Assets under management (AuM) at Polar Capital rose 16% to £24.3bn in the nine months to 31 December. This was largely driven by positive market movements and fund performance.
Net inflows for the period were £0.8bn, compared to £1.5bn last year.
Profits from performance fees were substantially lower at £4.3m, compared to £19.3m during the same period last year.
The shares fell 1.3% following the announcement.
Polar Capital is a fund management group listed on the Alternative Investment Market. As of the end of December 2021 the group had £24.3bn of assets under management (AuM) across 32 funds and 3 investment trusts. That puts it at the smaller end of the market.
Normally we'd say asset management is an industry where size really matters. However, Polar Capital has healthy operating profit margins of around 35% because of its focus on "thematic investing". Its funds are specialists, looking to capitalise on broad trends within the wider economy and are able to charge higher fees.
The group has particular expertise in Technology and Healthcare, which account for 49% and 14% of AuM respectively. That has served it well in recent years. Not only has tech as a sector performed well, but Polar's funds have also outperformed though remember past performance is not a guide to the future.
We see Polar Capital as a way to participate in the tech boom, while reducing some of the stock-specific risks. On the other hand, investing in asset managers rather than the funds themselves is a leveraged play on asset price growth.
Rising interest in technology funds coupled with rising share prices does wonders for AuM. Fees are charged as a percentage of AuM and fixed administrative costs mean revenue growth feeds quickly through to higher profits. Cash conversion is strong and a large proportion of this is paid back out to shareholders with a prospective dividend yield of 6.5% - although remember that this isn't guaranteed.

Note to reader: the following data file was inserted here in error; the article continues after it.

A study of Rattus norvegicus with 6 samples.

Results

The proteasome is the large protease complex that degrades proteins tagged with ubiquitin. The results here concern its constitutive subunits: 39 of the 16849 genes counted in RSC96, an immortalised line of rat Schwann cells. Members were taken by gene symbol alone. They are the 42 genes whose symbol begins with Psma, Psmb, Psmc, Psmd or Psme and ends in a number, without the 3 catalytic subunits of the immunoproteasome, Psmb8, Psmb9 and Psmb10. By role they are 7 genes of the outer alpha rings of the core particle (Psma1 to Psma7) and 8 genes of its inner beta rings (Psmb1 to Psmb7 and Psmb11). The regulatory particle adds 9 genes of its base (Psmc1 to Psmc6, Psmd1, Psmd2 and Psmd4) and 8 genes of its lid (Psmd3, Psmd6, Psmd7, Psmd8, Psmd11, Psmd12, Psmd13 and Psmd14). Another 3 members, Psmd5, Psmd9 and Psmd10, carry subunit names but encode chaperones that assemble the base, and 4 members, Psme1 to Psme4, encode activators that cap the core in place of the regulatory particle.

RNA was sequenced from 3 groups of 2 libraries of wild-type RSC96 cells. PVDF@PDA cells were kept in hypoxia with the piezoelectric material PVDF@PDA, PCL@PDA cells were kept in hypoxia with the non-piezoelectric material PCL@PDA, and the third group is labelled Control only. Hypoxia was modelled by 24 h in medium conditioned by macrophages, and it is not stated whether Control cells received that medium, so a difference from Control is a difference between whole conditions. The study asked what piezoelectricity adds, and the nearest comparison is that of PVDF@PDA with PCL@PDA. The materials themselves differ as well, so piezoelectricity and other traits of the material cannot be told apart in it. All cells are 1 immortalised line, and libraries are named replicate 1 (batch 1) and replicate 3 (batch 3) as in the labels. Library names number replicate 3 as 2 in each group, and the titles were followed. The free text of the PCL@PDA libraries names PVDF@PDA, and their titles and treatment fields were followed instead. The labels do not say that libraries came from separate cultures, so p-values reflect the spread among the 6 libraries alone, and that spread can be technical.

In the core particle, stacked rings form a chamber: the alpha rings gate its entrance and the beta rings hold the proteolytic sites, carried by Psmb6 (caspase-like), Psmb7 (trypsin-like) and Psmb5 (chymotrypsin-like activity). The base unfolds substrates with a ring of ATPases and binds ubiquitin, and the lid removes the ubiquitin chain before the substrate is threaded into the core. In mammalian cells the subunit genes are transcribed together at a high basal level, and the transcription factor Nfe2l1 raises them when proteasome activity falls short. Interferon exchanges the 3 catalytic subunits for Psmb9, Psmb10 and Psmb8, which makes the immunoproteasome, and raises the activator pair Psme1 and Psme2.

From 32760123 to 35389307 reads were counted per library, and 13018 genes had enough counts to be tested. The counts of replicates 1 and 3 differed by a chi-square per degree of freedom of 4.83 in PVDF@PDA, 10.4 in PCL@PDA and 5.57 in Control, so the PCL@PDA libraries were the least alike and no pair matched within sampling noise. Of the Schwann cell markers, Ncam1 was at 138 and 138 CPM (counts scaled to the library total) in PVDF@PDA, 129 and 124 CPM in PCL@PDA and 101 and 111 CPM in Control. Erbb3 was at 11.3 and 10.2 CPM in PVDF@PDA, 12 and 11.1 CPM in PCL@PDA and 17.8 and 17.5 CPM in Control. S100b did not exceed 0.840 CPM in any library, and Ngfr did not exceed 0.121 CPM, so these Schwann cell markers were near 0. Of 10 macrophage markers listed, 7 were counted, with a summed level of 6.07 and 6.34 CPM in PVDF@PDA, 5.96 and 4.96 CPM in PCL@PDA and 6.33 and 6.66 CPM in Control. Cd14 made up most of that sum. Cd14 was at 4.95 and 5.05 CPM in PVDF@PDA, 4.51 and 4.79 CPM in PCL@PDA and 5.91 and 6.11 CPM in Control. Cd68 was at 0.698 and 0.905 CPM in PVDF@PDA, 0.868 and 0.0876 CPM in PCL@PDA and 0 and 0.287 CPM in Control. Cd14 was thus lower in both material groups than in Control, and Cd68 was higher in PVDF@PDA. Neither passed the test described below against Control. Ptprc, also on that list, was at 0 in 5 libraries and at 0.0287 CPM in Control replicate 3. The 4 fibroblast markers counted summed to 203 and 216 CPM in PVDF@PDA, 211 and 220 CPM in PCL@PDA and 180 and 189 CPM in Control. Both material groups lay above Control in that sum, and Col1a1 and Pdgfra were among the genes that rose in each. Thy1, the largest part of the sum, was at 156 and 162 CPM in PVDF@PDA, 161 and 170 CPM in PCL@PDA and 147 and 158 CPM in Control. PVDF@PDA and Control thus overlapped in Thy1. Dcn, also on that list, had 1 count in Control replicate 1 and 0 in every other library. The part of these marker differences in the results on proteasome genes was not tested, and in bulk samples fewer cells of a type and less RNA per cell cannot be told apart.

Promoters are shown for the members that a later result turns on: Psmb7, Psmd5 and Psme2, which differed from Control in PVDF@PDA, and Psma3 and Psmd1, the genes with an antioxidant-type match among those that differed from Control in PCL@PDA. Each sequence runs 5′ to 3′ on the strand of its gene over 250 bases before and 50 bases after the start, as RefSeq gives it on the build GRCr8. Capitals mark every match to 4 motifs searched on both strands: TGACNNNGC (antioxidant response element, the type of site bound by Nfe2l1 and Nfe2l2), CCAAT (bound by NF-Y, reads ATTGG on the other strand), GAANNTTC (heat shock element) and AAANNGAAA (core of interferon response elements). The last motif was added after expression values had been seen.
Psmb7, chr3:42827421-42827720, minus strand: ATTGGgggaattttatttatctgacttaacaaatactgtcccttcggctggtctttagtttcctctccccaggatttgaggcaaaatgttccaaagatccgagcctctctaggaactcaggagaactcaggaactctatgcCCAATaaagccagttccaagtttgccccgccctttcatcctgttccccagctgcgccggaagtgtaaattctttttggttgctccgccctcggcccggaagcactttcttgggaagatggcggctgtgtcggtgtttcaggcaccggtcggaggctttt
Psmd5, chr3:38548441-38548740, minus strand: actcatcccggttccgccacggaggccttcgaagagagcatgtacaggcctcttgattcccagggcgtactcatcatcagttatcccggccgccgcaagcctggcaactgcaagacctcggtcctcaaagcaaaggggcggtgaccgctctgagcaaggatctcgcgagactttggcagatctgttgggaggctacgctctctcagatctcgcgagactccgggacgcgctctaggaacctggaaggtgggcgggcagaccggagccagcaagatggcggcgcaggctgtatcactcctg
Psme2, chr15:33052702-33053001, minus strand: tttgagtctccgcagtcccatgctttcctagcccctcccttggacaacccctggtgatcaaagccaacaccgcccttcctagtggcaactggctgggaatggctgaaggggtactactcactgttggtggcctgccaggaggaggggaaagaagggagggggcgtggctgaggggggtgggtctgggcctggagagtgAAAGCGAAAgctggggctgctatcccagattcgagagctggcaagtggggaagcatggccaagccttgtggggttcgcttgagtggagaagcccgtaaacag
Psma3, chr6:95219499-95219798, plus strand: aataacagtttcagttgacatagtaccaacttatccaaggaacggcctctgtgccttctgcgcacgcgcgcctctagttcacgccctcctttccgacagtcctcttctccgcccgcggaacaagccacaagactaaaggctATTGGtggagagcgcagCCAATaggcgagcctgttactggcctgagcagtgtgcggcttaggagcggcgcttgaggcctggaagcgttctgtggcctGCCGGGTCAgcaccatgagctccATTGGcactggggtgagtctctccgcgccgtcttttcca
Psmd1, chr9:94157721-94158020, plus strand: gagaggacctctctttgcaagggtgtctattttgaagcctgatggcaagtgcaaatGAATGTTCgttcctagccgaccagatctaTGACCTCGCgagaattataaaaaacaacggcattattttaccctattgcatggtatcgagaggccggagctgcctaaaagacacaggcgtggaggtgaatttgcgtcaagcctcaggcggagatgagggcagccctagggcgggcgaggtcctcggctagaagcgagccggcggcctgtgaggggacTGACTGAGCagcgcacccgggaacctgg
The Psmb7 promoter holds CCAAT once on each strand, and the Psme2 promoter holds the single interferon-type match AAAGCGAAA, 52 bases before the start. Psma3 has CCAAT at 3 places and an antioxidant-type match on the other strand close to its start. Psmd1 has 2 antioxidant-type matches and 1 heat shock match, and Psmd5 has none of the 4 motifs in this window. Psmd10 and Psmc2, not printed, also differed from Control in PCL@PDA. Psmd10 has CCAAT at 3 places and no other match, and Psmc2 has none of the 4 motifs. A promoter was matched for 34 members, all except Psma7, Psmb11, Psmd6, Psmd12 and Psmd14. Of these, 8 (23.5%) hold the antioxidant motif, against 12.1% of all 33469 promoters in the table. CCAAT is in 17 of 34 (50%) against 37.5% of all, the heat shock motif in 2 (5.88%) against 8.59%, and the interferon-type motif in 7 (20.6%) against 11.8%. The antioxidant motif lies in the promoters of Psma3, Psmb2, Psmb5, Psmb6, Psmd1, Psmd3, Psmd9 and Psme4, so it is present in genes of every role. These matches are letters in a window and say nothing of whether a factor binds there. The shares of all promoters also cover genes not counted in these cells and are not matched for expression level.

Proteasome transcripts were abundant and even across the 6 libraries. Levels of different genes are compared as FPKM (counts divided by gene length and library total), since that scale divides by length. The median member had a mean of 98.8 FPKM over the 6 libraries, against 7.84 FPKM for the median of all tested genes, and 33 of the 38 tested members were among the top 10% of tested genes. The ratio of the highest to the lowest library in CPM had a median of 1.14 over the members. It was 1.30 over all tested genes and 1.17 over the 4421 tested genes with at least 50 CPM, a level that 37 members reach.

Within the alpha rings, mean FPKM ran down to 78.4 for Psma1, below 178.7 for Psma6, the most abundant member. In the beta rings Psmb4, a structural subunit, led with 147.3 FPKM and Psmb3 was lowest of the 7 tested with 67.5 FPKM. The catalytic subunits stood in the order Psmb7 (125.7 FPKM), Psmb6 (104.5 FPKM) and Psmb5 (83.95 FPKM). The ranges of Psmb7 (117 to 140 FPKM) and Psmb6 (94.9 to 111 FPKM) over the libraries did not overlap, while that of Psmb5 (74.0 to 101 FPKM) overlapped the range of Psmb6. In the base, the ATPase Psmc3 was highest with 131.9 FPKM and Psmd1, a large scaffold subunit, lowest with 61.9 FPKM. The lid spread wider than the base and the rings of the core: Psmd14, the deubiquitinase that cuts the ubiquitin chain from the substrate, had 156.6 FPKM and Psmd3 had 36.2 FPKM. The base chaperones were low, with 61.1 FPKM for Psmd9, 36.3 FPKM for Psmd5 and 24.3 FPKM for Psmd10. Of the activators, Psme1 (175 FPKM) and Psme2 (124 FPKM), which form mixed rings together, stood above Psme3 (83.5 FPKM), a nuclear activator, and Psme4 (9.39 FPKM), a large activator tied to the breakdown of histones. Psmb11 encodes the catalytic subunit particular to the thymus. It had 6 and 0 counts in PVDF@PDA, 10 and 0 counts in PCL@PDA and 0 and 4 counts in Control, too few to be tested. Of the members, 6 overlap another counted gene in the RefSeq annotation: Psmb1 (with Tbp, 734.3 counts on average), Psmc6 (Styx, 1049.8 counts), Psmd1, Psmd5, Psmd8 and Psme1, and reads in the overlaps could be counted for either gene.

There are risks to this approach though. The virtuous circle of rising share prices and increasing inflows can quickly reverse. Polar's heavy reliance on the technology sector means a change of sentiment would be very painful. Rising interest rates are also bad news, and with speculation for another hike building, there could be bumps in the road.
To mitigate this risk, management's been snapping up smaller boutique investment managers with expertise in other areas like value investing. Meanwhile a sizeable proportion of the group's cost is made up of performance related pay for fund managers - providing some flexibility in bad times. Nonetheless a chill in the tech sector and prolonged underperformance are both real risks and shouldn't be underestimated.
With a price-to-earnings ratio some way below the long-term average, the market has priced in these risks. While a further sell-off in the tech sector could see Polar struggle, we think the group is well-placed among peers to profit from an improvement in the market.
Polar Capital key facts
- Price/Earnings ratio: 10.6
- 10-Year Average Price/Earnings ratio: 13.7
- Prospective dividend yield (next 12 months): 6.5%
All ratios are sourced from Refinitiv. Please remember yields are variable and not a reliable indicator of future income. Keep in mind key figures shouldn't be looked at on their own - it's important to understand the big picture.
Net inflows in the third quarter were £117m, bringing the total so far this year to £0.8bn. This reflected inflows across all the group's offerings, with Segregated Mandates, which are funds run exclusively for a particular client, receiving over half of the new subscriptions.
Net inflows continued at a similar pace to the third quarter in the first two weeks of January.
More than £300m in inflows went to sustainable Emerging Market stars strategies and sustainable Smart Energy and Smart Mobility strategies. Alternative strategies now make up £1bn of AuM.
88% of AuM outperformed their benchmarks since inception.
This article is original Hargreaves Lansdown content, published by Hargreaves Lansdown. Unless otherwise stated estimates, including prospective yields, are a consensus of analyst forecasts provided by Refinitiv. These estimates are not a reliable indicator of future performance. Yields are variable and not guaranteed. Investments rise and fall in value so investors could make a loss.